112th Annual Conference - Riverside Convention Center, California
Friday, October 31 - Sunday, November 2, 2014

This page is about the 2014 conference. For 2015 conference info, go to PAMLA 2015.

Witnessing Trauma: Violence, Landscape, Memory

Sarah DeYoreo, Portland State University

Looking at Helon Habila’s 2010 novel Oil on Water, a fictional account of the ongoing oil crisis in Nigeria, this paper explores the relationship between legacies of human and geographical violence, trauma, memory, and the role of the journalist as recuperative witness and bearer of testimony. 

Proposal: 

This paper explores the relationship between writing in the form of personal narrative and journalism, memory, and the act of giving testimony or bearing witness to traumatic events and experiences in the context of Nigerian writer Helon Habila’s 2010 novel Oil on Water. Drawing on what Edward Said identifies as a fundamental link between colonial and geographical violence, as well as the recent work of postcolonial ecocritics Elizabeth DeLoughrey and George B. Handley, I suggest that writing in Habila’s novel functions as a means of recovering or representing that which has been, through acts of colonial and neocolonial violence, made silent, invisible, or been erased. The first-person protagonist, Rufus, a native of the Niger Delta and a journalist by trade, seeks to uncover or reveal through writing elements of his own traumatic past and of the lives lived in crisis of those around him. Writing here serves as a means of bearing witness, belatedly, to the traumas of conquest and colonization, of describing, recounting, and making visible their lasting legacies. Whereas the event of trauma, like the event of violence, is generally thought of as spectacular and instantaneous, an event capable of being located in and understood as an isolated, momentary incident, the type of writing undertaken by Rufus bears witness to the slow dispersion of violence through people and landscapes (Nixon), the peculiar tendency of trauma to re-announce and repeat itself long after its original occurrence.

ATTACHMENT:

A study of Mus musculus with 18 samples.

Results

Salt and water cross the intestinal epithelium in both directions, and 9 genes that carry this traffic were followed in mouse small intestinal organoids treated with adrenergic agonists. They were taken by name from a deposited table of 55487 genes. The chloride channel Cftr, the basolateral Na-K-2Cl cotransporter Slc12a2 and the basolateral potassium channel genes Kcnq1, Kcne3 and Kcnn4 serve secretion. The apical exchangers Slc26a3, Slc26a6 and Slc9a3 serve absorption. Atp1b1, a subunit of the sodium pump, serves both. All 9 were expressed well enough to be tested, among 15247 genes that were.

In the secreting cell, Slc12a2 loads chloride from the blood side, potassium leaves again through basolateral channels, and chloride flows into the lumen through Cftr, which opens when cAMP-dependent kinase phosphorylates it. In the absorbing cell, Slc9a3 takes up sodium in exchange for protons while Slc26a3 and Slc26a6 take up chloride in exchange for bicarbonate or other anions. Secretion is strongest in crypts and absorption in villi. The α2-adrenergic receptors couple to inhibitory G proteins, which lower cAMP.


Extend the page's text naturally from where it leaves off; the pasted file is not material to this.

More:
However, even while attempting to restore, recount, and recover, writing in Oil on Water also comes up against the representational limits of its own project, the impossibility of assimilating into knowledge and language the geographical, psychological, social, and historical wounds inflicted by trauma. Rufus’s attempts at recovery, discovery, and (self-) revelation are ultimately futile: his journalistic pursuit of the perfect story, the story in which everything would fit neatly together, in which violence and conflict would cohere into sense, ends unfulfilled. Reading Oil on Water alongside the recent trauma theory of Cathy Caruth, Shoshana Felman, Dori Laub, and others, I suggest that Rufus’s failure to fully represent or bear witness to his own memories and to the memories and experiences of those he meets attests to what Felman and Laub identify as the representational crisis produced by trauma, the inexhaustible wound or void at the heart of traumatic experience. In this sense, writing in the novel serves the additional function of bearing witness to its own limits, of encountering that which cannot be resolved or synthesized into coherent communication or speech. In the face of these limits, what is required instead is an imaginative act that at once grants truth and meaning to otherwise unacknowledged experience and recognizes its own fictionality.